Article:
Conference registration formally closed on November 27, 2002, but limited on site registration at the conference hotel will be accepted.

All registrations will include a luncheon and evening banquet and a conference resource manual. You may also add $25.00 to your registration fee for continuing education credits. To register, complete the conference registration form (Adobe Acrobat Reader is required to view this file) and send check, money order or purchase order (make checks payable to the Tribal Law and Policy Institute) to: 

Tribal Law & Policy Institute
8235 Santa Monica Blvd., Suite 211
West Hollywood, CA 90046
(323) 650-5467 ~ Fax: (323) 650-8149

On-site conference registration will take place in the lobby of the Wyndham Palm Springs Hotel on Wednesday evening, December 4th from 4:00 pm to 9:00 pm and Thursday morning December 5th from 7:00 am to 9:00 am.

Cancellation Policy

The due date for cancellations (October 31, 2002) has passed, as has the deadline for transfer of registration fees (November 29. 2002).

Vendors, Exhibitors and Resource Tables

Space is available for vendors and exhibitors. Exhibit space will be made available on a first come basis. Resource tables will be available for display of materials related to services for victims of crime. Vendor forms are available online (Adobe Acrobat Reader is required to view this file) or you may contact the Institute at or by calling 1-323-650-5467. Please note that all Indian Arts and Craft sales must be in compliance with the Indian Arts and Crafts Act (as amended).



United Voices: Expanding the Circle of Safety, Justice and Healing
Wyndham Palm Springs Hotel

Agua Caliente Tribe's Spa Hotel

Panoramic View of the Coachella Valley

The San Manuel Band of Mission Indians are of the Native American tribe known as "Serrano," a name given to us by the Spaniards which means "mountaineer." Long before the Spaniards and other European settlers arrived here, our ancestors roamed a territory that spanned the San Bernardino Mountains and valley, and adjoining desert lands. In our native language, we call ourselves "Yuhaviatam," or "people of the pines." From the day the Creator placed us on Mother Earth, we have lived here in harmony with all living things and the spirit world - our connection to the Great Mystery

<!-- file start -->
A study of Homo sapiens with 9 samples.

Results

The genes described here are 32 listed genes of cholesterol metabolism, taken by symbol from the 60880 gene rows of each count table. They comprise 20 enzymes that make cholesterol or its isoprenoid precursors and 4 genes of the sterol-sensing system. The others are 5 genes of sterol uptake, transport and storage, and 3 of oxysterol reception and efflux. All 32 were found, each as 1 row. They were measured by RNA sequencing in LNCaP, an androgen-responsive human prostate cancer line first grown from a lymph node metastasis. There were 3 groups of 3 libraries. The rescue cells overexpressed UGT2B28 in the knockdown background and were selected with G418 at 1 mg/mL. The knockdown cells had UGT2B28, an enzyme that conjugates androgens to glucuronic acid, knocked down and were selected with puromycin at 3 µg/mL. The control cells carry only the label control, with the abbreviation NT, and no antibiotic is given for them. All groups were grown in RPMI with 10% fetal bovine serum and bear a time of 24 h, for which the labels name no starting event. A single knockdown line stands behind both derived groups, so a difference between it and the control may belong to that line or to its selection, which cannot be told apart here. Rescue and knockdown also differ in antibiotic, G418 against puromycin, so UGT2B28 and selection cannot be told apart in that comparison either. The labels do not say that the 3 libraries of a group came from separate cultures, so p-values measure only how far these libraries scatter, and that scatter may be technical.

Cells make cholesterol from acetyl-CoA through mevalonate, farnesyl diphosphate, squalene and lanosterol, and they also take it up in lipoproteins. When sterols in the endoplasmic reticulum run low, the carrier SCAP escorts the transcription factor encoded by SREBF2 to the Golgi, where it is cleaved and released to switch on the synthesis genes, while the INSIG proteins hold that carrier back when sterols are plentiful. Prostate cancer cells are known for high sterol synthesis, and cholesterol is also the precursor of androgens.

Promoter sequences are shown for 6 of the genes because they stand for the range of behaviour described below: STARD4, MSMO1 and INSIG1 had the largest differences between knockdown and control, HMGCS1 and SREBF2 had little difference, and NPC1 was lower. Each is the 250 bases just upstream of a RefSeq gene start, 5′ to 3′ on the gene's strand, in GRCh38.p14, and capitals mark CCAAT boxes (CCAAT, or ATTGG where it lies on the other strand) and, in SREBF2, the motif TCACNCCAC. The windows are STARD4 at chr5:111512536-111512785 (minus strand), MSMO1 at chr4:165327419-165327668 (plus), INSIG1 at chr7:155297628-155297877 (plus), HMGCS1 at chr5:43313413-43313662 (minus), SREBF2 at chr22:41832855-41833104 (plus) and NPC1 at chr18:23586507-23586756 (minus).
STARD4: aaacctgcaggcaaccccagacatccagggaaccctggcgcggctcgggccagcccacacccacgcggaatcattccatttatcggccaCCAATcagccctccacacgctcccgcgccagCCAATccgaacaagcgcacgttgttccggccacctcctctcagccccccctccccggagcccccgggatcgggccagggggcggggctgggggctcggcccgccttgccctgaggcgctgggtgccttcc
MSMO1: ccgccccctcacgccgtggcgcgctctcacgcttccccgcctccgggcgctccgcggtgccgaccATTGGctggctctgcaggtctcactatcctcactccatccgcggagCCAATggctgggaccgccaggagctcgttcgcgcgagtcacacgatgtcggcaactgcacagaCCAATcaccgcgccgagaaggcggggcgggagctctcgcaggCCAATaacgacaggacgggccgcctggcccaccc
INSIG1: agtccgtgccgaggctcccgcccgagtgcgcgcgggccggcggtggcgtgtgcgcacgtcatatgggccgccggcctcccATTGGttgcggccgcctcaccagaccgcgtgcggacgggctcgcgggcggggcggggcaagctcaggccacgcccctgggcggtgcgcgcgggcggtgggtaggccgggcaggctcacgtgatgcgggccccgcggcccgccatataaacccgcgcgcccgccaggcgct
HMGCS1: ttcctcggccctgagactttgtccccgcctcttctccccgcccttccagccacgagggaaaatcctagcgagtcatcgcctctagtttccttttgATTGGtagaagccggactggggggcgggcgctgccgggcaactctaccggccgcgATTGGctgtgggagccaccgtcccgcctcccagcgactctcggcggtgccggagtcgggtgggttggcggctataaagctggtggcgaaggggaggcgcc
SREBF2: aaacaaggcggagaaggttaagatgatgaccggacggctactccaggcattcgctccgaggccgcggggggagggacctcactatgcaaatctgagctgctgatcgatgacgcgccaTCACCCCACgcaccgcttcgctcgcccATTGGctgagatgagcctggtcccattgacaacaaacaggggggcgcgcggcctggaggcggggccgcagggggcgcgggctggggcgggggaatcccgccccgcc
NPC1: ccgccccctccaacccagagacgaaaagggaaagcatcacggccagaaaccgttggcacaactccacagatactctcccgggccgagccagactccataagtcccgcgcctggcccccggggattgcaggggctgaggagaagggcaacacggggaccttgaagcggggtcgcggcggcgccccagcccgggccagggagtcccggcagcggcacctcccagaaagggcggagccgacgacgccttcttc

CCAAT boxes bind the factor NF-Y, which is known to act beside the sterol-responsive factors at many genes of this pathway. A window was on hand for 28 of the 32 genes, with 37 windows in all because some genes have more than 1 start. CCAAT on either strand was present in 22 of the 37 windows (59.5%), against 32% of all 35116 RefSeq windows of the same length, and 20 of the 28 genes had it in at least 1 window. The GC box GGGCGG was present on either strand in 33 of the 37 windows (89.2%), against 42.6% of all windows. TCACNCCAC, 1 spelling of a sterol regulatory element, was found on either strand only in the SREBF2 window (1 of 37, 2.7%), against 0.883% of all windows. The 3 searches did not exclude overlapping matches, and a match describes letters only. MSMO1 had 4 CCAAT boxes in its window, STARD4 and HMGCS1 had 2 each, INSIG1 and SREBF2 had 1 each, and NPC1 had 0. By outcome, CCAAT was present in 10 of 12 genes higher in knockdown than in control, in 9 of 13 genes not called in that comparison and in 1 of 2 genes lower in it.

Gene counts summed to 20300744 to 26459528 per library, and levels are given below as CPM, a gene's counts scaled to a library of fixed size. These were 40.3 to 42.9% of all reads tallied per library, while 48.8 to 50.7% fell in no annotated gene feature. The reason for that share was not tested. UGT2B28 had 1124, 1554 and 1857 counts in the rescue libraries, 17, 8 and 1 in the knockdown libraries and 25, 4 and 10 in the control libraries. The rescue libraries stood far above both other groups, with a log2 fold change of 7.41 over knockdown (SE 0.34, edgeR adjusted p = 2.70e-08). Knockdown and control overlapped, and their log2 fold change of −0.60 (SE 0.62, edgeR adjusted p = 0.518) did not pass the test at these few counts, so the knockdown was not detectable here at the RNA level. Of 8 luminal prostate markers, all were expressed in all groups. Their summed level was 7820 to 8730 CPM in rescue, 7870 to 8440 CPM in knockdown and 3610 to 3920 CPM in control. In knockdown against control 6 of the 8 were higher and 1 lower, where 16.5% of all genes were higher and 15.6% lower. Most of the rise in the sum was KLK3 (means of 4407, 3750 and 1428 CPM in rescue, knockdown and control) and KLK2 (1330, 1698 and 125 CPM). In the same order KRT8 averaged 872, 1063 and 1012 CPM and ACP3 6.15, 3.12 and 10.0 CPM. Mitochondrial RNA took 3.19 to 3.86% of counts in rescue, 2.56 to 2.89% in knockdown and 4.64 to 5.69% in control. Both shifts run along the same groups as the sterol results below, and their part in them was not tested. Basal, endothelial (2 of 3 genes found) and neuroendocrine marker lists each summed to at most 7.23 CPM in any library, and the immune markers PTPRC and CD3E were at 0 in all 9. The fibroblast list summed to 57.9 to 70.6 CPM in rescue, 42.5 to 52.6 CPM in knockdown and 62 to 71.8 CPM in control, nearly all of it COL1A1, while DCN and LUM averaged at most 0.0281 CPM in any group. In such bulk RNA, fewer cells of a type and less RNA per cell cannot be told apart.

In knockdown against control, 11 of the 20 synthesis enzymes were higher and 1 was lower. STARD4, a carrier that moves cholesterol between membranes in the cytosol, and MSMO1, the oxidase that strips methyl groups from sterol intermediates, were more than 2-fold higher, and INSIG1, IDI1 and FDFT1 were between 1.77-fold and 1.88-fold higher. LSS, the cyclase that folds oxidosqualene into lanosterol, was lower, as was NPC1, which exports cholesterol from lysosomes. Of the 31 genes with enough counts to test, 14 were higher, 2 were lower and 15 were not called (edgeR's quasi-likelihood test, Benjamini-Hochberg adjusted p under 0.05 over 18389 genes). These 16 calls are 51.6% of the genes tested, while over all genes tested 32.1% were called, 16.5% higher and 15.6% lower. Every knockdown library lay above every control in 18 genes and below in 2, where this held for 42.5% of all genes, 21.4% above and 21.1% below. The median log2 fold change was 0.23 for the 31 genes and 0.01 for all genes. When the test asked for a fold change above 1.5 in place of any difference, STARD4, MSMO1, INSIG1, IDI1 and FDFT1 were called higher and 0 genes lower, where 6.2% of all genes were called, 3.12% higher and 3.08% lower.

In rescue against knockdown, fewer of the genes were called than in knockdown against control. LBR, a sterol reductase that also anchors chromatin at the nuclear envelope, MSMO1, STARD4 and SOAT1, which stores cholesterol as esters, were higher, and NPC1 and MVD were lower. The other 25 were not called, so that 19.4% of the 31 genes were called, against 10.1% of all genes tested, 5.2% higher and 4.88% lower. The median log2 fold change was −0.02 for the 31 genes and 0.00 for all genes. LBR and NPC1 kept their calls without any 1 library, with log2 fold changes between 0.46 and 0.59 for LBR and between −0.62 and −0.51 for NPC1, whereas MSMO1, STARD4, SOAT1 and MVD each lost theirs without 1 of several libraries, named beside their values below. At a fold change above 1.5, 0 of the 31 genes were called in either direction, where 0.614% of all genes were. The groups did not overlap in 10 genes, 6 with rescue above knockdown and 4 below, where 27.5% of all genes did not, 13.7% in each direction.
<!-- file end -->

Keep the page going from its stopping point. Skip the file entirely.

Morongo Band of Mission Indians

The Great Seal of the Salt River Pima-Maricopa Indian Community is an ancient pattern of the Southern Arizona tribes. The pattern represents the MAZE, or house of "Se-eh-ha" (Elder Brother).
The Agua Caliente Band of Cahuilla Indians is composed of several small groups living in the area at the time the Agua Caliente Reservation was established. Recently, archaeological research has proven that Indians occupied the Tahquitz alluvial fan about 350 to 500 years ago. Distinct areas of living quarters and food preparation are apparent. This, and the area surrounding the nearby hot springs, was the home of the Kawasic Band.
When the Chickasaw Nation was re-established as a tribal government on March 4, 1856, in Tishomingo, Indian Territory, the Chickasaw people honored their last war chief, Tishomingo, by representing him on the Great Seal of the Chickasaw Nation. In addition, the figure represents the courage of the Chickasaw people.
Cocopah Indian Tribe



The Palm Springs Desert Resorts Convention and Visitors Authority

Click on the image to visit a visitor information web site.